We have published the results of the first phase of public consultation on how £170 million would be spent on the Hoo Peninsula.
Made possible thanks to the government’s Housing Infrastructure Fund (HIF), our Future Hoo team has brought forward plans for environmental improvements and upgrades to the area’s rail and road infrastructure through the multi-million pound investment.
As part of the Future Hoo consultation, we mailed 24,500 local households on and around the peninsula, supported by social media activity and online meetings with community groups. We received the views of 552 people on the proposals via the consultation.
The government has tasked us with delivering 26,962 new homes across all of Medway by 2037. This level of new homes is equivalent to 1,586 homes a year, including the delivery of a possible 10,600 on the Hoo Peninsula, as part of the Local Plan.
Cllr Alan Jarrett, Leader of Medway Council, said: “The consultation has given us a useful insight into the views of a section of the community on the Hoo Peninsula, and provides valuable feedback on the outline proposals that we presented.
“This is part of a wider conversation that we need to have across the whole of Medway as part of creating the Local Plan. No-one is happy about the level of new homes that the government has told us to deliver across all Medway by 2037 and we are obliged to meet this target. The HIF funding allows us to accommodate new homes on the peninsula in a way that is clearly thought through to look after the environment, put in place road and rail improvements and sustain our communities.
“The consultation shows there is concern about the impact extra development would have on existing residents as well as the environment. However, there is also an underlying understanding of the benefits that the £170m investment could bring. As we refine our plans further and add more detail, I am confident these benefits will become clearer and will help to allay any concerns.”
Environmental enhancements proposed under the HIF include opening up privately-owned farmland to become publicly-accessible parkland. Widespread planting, habitat creation and access work would also be delivered as part of the HIF’s £14m investment in a Strategic Environmental Management Scheme (SEMS).
The consultation showed that respondents were largely in agreement with the aims of the SEMS, with more than three quarters (77 per cent) saying the enhancement and protection of green spaces on the Hoo Peninsula is important to them. A similar percentage (76 per cent) agreed any new green spaces should help to protect existing ecologically sensitive sites and 73 per cent felt new green spaces should include a variety of habitats. The most common concerns were the need to protect existing green spaces and the threat to the area from over-development.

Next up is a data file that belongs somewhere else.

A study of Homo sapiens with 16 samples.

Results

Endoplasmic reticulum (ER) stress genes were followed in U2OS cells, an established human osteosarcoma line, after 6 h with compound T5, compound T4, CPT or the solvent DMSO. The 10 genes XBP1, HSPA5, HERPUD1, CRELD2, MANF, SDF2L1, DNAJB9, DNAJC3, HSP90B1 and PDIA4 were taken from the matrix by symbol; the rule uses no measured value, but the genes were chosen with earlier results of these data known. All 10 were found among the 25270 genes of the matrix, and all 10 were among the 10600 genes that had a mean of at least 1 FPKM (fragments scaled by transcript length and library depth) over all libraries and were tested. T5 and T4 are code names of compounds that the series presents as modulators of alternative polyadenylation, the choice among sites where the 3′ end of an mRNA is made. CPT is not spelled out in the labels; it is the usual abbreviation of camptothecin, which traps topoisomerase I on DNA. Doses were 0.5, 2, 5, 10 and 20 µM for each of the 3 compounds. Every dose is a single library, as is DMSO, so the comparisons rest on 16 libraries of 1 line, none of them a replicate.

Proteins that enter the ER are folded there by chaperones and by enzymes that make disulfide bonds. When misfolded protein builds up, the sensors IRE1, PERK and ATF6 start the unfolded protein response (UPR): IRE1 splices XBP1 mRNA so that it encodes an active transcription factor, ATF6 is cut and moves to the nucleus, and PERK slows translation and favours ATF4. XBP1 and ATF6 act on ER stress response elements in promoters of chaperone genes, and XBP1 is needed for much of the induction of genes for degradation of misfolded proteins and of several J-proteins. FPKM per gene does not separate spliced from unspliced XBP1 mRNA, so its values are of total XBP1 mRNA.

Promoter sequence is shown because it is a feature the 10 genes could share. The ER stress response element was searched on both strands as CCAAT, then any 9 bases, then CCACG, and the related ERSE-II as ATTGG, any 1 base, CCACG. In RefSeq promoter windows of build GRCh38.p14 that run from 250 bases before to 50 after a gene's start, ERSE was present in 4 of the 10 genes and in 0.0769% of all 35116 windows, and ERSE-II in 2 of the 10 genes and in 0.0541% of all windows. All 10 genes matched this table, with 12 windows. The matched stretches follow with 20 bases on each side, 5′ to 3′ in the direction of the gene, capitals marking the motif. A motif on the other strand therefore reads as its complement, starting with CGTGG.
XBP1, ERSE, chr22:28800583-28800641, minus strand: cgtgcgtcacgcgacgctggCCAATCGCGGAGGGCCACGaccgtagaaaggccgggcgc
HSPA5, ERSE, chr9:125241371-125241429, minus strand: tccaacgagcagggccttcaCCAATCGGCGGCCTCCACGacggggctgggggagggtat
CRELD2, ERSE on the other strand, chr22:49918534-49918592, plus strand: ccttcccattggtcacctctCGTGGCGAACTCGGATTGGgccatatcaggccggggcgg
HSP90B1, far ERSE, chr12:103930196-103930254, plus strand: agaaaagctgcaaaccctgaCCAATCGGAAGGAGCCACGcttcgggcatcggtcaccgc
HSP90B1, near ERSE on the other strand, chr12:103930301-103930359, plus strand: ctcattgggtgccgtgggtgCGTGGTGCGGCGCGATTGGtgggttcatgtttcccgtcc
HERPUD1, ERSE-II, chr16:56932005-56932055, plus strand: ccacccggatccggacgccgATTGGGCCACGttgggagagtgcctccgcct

The second element of the HIF proposals includes plans for a £63m investment in a new train station and reinstated passenger service on the Grain branch line. Support was less clear cut, with 37 per cent agreeing the re-introduction of passenger rail services was important for the area compared with 36 per cent disagreeing.
The most frequently cited benefit was to ‘ensure the local area is well connected and accessible’ (39 per cent), followed by ‘reduce reliance on cars’ (36 per cent) and ‘improve local public transport’ (36 per cent).
The most common concern (57 per cent) about the rail proposals was that better rail services might lead to ‘increased traffic travelling to the station’ followed by ‘the environmental impact of re-introducing services’ (51 per cent) and the ‘cost of the services’ (50 per cent).
The final part of the HIF consultation focused on the delivery of highways improvements including a new relief road to access the peninsula via Woodfield Way. The work also proposes to upgrade the existing road network with the provision of new infrastructure including slip roads, junctions and interchanges on the A228 and A289 and wider highway improvements.
The importance of improving road links was supported by 44 per cent of respondents – rising to 57 per cent in the over 65 age group – while 41 per cent disagreed and 15 per cent did not voice an opinion.
The most common benefits cited by residents for the overall package were to: reduce reliance on a single main road on and off the Hoo Peninsula (36 per cent); ensure the local area is well connected and accessible (30 per cent); and improve air quality by reducing bottlenecks on Four Elms Hill/Four Elms Roundabout (29 per cent).
The three greatest highways concerns were: loss of a rural feeling (81 per cent); increased traffic (78 per cent); and the environmental impact of improving the road links (76 per cent). These mirror broader concerns that arose during the consultation about overdevelopment of the Hoo Peninsula.
Reviewing residents' ideas
Cllr Jarrett added: “We would like to thank the respondents who made 111 suggestions as to how they thought the highways proposals could be improved.
“We are already reviewing their ideas regarding how to improve access to the Hoo Peninsula and reduce congestion in the local area.”
The consultation ran from January to April 2021 and will be followed by further consultation in November this year.